A geniune attempt to build trust with an audience–and give a brand a sense of purpose–can be far more effective than traditional ads.

3 Ways Brands Can Use Corporate Social Responsibility Principles To Create Better Advertising
[Illustrations: Petr Strnad via Shutterstock]

Dove’s “Real Beauty” campaign. Chipotle taking a stand on factory farming, with an assist from Fiona Apple. Patagonia giving away boatloads of lightly worn clothing. These advertising campaigns all have one thing in common: They take corporate social responsibility (CSR) principles and deploy them in ways that are far more effective than traditional ads.



In the report, BSR lays out three priority areas for advertisers to focus on: enhancing transparency, audience empowerment, and purpose. Transparency can be a particularly thorny topic for companies. In 2014, McDonald’s launched a campaign called “Our Food, Your Questions,” inviting customers to ask about its food and production processes. Not all of the answers to those questions were appetizing–through the campaign, customers learned that the company still uses azodicarbonamide–a compound used to make yoga mats–in its buns (as do lots of other brands).

“If you open the door a little bit, and all of a sudden you see there’s all this darkness, you need to be able to answer all the questions,” says Dienel.

Participant Media, which commissioned the BSR study, has been more successful on the transparency front. The company’s Pivot TV network has a responsible advertising policy, laid out in simple terms here, that promises to always disclose product placements in its shows, avoid certain topics (like politics, gambling, and sexually exploitative products), co-create ads with partners to tell “inspiring stories,” and take viewer feedback into account.

“The policy is active and engaged every day. It’s an active part of our dialogue,” says Chad Boettcher, head of social action and advocacy at Participant Media. “Sometimes ad policies aren’t publicized or are a little dense. We wanted to summarize key elements of what we believe in a way that audiences could understand.”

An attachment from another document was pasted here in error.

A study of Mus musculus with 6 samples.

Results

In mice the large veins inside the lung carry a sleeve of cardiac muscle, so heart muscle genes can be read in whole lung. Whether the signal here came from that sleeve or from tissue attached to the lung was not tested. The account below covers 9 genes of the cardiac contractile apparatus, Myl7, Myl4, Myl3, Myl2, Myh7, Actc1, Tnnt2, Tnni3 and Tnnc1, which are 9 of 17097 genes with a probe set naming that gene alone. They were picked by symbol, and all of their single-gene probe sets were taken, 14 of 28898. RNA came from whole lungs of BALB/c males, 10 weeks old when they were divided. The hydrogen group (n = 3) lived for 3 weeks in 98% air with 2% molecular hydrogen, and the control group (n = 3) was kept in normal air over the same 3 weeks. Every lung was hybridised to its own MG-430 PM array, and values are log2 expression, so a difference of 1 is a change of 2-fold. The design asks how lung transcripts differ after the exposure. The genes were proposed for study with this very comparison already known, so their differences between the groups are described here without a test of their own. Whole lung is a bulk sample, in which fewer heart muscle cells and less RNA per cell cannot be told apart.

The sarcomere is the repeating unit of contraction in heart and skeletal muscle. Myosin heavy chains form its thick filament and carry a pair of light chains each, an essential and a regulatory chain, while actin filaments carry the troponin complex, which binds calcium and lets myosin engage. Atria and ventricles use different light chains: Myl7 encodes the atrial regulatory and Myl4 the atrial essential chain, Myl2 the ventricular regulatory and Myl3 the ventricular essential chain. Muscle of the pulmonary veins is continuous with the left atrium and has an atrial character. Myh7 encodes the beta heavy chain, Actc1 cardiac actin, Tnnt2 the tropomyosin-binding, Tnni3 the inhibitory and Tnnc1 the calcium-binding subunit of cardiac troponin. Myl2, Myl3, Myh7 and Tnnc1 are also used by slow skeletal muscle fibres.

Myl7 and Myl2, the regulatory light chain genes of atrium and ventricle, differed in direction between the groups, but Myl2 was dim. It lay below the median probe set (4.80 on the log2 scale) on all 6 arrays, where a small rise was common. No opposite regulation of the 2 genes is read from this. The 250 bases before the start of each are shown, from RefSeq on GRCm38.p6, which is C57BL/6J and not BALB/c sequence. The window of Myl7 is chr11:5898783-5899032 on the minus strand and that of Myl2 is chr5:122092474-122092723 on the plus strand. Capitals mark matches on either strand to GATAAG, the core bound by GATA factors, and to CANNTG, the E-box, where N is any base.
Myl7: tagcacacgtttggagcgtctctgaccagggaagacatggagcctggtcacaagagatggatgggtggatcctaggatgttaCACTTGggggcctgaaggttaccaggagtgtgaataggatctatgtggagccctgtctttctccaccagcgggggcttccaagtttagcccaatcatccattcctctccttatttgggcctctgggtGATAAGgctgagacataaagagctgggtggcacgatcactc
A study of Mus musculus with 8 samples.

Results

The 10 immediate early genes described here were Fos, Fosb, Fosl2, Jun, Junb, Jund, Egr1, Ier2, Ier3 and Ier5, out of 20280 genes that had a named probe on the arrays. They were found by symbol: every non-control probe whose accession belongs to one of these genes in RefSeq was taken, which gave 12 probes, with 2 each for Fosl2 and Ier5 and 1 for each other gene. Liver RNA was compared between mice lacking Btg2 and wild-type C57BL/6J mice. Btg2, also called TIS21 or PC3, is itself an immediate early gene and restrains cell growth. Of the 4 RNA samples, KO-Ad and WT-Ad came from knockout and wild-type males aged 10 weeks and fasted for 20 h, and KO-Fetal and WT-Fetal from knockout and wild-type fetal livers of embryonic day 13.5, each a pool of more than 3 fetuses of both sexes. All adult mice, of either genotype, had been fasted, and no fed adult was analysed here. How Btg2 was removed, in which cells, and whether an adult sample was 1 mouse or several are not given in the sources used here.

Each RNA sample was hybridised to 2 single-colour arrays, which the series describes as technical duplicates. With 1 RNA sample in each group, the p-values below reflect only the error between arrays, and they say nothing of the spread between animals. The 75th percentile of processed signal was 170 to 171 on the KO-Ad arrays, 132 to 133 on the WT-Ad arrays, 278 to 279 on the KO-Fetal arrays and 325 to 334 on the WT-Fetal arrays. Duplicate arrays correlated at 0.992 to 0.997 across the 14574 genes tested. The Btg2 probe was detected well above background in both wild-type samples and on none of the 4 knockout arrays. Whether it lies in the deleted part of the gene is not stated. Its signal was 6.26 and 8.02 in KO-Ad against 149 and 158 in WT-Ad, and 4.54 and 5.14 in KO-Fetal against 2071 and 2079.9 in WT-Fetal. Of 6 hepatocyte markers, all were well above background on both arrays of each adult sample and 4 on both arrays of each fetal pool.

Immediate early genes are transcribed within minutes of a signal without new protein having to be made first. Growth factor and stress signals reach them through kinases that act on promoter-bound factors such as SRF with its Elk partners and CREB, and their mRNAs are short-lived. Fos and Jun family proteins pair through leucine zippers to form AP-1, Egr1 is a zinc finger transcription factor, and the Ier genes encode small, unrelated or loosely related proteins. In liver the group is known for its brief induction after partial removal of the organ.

Audience empowerment is another key piece of BSR’s study. On a basic level, innovations like the choose-your-own ad experience that online video providers now offer at least give viewers the freedom to tune out irrelevant ads. Companies also need to be ready to respond to customer feedback on platforms like Facebook and Twitter. But brands can also empower audiences by letting them talk back.


Purpose is the final priority area listed in BSR’s paper, and it may be the most important. Some of the most impressive ad campaigns of the past few years, including some of the ones listed above, are successful because they appear to be backed up by strong values and authenticity. With its anti-factory farming campaign, Chipotle took a stand on an important issue and backed it up with a “Food with Integrity” policy that promises organic, local, and family-farmed ingredients.

“It’s an opportunity to connect to the core of consumers–to say, ‘This is what I stand for,'” says Dienel.

That is, as long as the advertising is genuine. Putting out an insincere purpose-driven ad campaign will almost certainly fail.

Check out BSR’s full report here.

About the author

Ariel Schwartz is a Senior Editor at Co.Exist. She has contributed to SF Weekly, Popular Science, Inhabitat, Greenbiz, NBC Bay Area, GOOD Magazine and more.